By Aaron Strain / Web Master
From the Reno County Health Department:
“Reno County officials along with the Kansas Department of Health and Environment (KDHE) have confirmed the first presumptive-positive case of COVID-19 in a Reno County resident. The patient is older than the age of 60 and is in home isolation per guidelines from the Centers for Disease Control and Prevention.
“KDHE continues to work with the Reno County Health Department and the CDC to identify and contact people who may have come into contact with the individual while they were infectious and will monitor them for fever and respiratory symptoms.”
A presumptive-positive case is when a patient has been tested positive by a local health laboratory but remains unconfirmed by the CDC.
Health Department Director Nick Baldetti announced the case:
Reno County declares emergency
The Board of Reno County Commissioners declared a State of Local Disaster Emergency Thursday. This allows the county to activate the Reno County Emergency Operations Plan and obtain otherwise unavailable Federal Disaster Relief Funds.
The declaration will remain in effect for 60 days unless it is renewed or terminated by the commissioners.
Latest from KDHE
The Kansas Department of Health and Environment reported Friday 44 known cases of Coronavirus, including 23 in Johnson County and one in Sedgwick County. Updated numbers, including the new case in Reno County, will be released by Saturday evening.
KDHE Secretary Dr. Lee Norman said the department is testing about 150-200 samples daily and has a supply of a few hundred test kits.
If the KDHE does not receive more kits through the weekend, the department’s testing would be limited to diagnose the sickest symptom-showing patients. Commercial labs are also running tests, but they come with a cost and take more time to process, Norman said.
“We’re precariously low on the test kits,” Norman said, “and by the way, this is not unique to our state, everybody is struggling with this.”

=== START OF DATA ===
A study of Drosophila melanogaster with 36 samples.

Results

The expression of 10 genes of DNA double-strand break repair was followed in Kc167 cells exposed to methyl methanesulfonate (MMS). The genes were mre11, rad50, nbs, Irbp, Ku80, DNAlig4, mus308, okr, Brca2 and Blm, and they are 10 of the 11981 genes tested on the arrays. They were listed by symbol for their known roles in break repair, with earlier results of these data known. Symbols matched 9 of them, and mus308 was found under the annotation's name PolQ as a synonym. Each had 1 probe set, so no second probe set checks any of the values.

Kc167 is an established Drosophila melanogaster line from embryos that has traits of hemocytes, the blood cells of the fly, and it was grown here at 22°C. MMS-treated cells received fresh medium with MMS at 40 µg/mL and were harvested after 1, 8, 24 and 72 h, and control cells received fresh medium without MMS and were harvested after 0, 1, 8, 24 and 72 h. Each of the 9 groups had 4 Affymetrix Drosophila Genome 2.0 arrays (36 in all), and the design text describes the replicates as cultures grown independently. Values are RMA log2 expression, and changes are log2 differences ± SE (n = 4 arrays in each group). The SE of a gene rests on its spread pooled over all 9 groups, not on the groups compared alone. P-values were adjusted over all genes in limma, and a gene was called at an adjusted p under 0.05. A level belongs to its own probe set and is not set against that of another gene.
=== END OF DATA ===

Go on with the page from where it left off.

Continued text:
Norman explained the situation in greater detail:
Across the state
The Kansas Department of Labor underscored the severity, reporting a surge of 11,355 unemployment claims this week, up from 1,296 last week.
KDOL Secretary Delía García encouraged workers and employers to visit www.dol.ks.gov to apply for benefits and find answers to their questions. “As we navigate these unprecedented times, know (that KDOL) is here for you,” García said.
Governor Laura Kelly outlined a program Friday aiming to provide $5 million worth of zero-interest, short-term loans to restaurants, bars, and hotels. Under the state’s disaster declaration, Kelly also expects $2 million in low-interest loans from the federal Small Business Administration.
“During this turbulent time, our affected small business owners need support,” Kelly said.
Friday, the Kansas Legislature passed a budget for the next fiscal year, including millions of dollars set aside for the state’s COVID-19 response. The Legislature now heads into a break and is expected to return on April 27.
More information about the coronavirus, including symptoms and how to proceed if you are feeling ill, can be found on the KDHE website at kdheks.gov/coronavirus. The website and public releases are updated daily by 5 p.m. Alternatively, email COVIDfirstname.lastname@example.org or call the KDHE phone bank during regular business hours at 1-866-534-3463 (1-866-KDHEINF). These lines do not provide medical evaluations.